Football: Valverde, Zidane hope football does the talking in crunch Clasico

Real Madrid's Croatian midfielder Luka Modric (centre right) performs during his team's training session in Madrid. PHOTO: EPA-EFE

MADRID (AFP) - Barcelona coach Ernesto Valverde has called for unity around Wednesday's (Dec 18) Clasico amid fears the world's most famous football match could be marred by Catalan independence protests.

The original fixture at Camp Nou had to be postponed due to riots in October and further demonstrations are expected when Real and Barca play for the La Liga's top spot this week.

"Football has to be for everyone, all over the world," said Valverde in a press conference on Tuesday.

"People should be able to express themselves freely tomorrow, that is what we ask, but that there is respect for everyone. I believe that is the right thing."

Democratic Tsunami, the protest group in favour of Catalan independence, has called publicly for its supporters to gather at the stadium four hours before kick off at 1900 GMT (3am on Thursday, Singapore time).

"I am not worried about anything," said Real coach Zinedine Zidane.

"I am happy we are about to play a Clasico. It was the same when I was a player, these are the matches you live for, and you are focused only on what happens on the field."

"We are focused on what concerns us," Valverde said.

"We are not thinking about what happens off the pitch."

A large-scale safety operation will be deployed around the match involving 3,000 security personnel while both teams have been instructed to travel to the stadium from the same hotel.

For Real, it means staying at a different location to their usual base in the city while Barcelona will arrive at the Camp Nou earlier than normal for their home matches.

"It is a small change, but not very significant. When we play away, we are also in a hotel. it is not a big problem," said Valverde.

"It's something different but the rules are the rules," said Zidane.

"They said we have to leave together so we're leaving together."

Barcelona's football club has historically been associated with Catalan nationalism. Catalan banners, flags and chants have been displayed at the majority of home games in recent seasons.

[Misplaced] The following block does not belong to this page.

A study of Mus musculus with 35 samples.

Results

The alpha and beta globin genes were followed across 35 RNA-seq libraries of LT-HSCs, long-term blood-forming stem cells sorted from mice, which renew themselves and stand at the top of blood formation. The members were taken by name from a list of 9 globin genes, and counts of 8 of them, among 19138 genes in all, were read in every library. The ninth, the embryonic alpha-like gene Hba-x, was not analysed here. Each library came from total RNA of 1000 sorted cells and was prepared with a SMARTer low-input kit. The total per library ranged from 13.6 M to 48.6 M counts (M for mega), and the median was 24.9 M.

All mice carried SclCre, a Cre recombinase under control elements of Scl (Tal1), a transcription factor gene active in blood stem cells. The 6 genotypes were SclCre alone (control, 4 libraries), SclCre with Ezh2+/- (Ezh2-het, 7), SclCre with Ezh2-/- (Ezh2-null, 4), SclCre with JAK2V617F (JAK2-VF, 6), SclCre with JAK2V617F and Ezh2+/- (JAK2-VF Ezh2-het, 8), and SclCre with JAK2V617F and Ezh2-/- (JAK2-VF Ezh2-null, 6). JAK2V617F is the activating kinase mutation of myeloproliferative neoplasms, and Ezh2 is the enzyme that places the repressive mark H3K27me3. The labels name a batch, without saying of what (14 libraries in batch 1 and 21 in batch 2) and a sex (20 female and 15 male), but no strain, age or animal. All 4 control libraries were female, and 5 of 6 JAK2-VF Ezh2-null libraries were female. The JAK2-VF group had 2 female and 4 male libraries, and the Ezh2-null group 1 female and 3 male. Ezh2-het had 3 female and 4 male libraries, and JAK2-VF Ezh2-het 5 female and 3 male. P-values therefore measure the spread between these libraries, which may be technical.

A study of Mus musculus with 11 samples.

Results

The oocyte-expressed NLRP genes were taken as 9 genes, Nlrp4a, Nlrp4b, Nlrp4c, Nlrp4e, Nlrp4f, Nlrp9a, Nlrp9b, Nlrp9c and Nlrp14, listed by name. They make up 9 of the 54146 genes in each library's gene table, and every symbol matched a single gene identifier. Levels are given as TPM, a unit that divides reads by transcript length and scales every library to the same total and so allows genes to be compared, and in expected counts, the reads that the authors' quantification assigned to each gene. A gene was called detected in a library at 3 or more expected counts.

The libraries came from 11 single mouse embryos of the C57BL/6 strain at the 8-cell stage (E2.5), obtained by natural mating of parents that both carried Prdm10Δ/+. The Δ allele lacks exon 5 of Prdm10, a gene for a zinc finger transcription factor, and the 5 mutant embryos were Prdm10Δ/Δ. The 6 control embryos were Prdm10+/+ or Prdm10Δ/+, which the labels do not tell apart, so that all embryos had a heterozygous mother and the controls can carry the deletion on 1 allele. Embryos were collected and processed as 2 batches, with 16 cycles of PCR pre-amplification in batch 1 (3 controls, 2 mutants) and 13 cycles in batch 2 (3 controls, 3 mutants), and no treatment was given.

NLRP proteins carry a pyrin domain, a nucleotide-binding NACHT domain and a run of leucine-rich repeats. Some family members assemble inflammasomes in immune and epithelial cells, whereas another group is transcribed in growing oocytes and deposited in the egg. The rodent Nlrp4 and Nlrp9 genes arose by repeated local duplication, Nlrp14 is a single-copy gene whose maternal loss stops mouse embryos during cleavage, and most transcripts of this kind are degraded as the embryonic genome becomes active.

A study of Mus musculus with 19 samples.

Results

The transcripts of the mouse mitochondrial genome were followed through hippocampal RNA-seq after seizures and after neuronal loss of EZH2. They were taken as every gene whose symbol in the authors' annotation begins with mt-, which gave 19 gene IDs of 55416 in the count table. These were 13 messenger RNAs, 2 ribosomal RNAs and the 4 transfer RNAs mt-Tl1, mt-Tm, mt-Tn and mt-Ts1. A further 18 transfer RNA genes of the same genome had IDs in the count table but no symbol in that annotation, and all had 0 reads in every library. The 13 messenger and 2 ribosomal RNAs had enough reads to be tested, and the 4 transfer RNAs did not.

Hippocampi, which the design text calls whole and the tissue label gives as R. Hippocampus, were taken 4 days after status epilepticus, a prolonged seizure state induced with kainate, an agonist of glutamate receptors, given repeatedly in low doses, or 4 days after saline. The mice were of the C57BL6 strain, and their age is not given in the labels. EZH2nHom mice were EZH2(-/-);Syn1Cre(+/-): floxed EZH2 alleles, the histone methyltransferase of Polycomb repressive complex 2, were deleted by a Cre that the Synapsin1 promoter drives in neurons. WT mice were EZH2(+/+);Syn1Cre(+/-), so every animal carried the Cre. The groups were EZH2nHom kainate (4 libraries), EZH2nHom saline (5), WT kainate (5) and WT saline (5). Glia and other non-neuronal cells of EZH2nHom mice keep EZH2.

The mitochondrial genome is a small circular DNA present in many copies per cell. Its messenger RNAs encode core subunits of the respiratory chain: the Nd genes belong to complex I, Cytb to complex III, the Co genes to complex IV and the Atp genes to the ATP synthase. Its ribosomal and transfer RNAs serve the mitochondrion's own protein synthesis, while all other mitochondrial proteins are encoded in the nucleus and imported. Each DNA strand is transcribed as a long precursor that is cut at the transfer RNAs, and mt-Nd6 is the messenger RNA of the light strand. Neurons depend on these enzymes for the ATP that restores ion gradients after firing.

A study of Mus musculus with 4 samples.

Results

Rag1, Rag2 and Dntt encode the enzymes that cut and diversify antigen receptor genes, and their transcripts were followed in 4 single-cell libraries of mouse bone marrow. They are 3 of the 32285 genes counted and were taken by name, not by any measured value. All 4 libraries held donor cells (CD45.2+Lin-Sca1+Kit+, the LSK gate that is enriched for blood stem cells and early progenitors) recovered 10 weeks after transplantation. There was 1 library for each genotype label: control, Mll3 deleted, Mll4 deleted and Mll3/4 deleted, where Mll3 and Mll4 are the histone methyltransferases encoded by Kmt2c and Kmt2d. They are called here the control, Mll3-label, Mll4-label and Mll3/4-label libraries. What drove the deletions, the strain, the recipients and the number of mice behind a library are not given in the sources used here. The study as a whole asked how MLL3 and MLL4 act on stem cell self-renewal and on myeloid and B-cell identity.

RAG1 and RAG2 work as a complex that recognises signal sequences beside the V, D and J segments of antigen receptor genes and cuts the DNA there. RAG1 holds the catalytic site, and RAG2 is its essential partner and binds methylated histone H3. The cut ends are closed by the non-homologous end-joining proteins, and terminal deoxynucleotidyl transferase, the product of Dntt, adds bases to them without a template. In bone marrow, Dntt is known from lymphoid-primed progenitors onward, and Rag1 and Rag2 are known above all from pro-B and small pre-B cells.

"We are used to it," Valverde said.

"We know what is being said but what concerns us most is the game. We have to be professional for 90 minutes, that is what we have to do."


Barcelona and Real sit first and second in the league and level on points, with the Catalans only ahead on goal difference.

Both teams have found form in recent weeks, in part due to the excellent form of their strikers. Real's Karim Benzema has nine goals in his last eight games while Lionel Messi has scored 14 in 12.

"We know we are facing a very good team, we know the player they have in Messi, but we also have our weapons," Zidane said.

"Benzema is having a great season," Valverde added.

"He is scoring goals, he is Madrid's top scorer, it is crucial that we restrict him."

Barca will also have enjoyed an extra day's rest before the game after they drew away at Real Sociedad on Saturday afternoon before Real were held by Valencia at the Mestalla on Sunday night.

"It can have an effect," said Valverde.

"Four days instead of three, it is a small advantage."

Madrid's Eden Hazard, Marcelo, James Rodriguez, Lucas Vazquez and Marco Asensio will all miss the match through injury.

Gareth Bale is fit again but has not started since Real's win over Alaves on Nov 30.

"Bale is with us, he is training well," Zidane said.

"He is an important player and tomorrow, he will be prepared like everyone else."

Valverde said Arthur Melo is unlikely to recover in time from an adductor problem. Ousmane Dembele is out with a hamstring injury.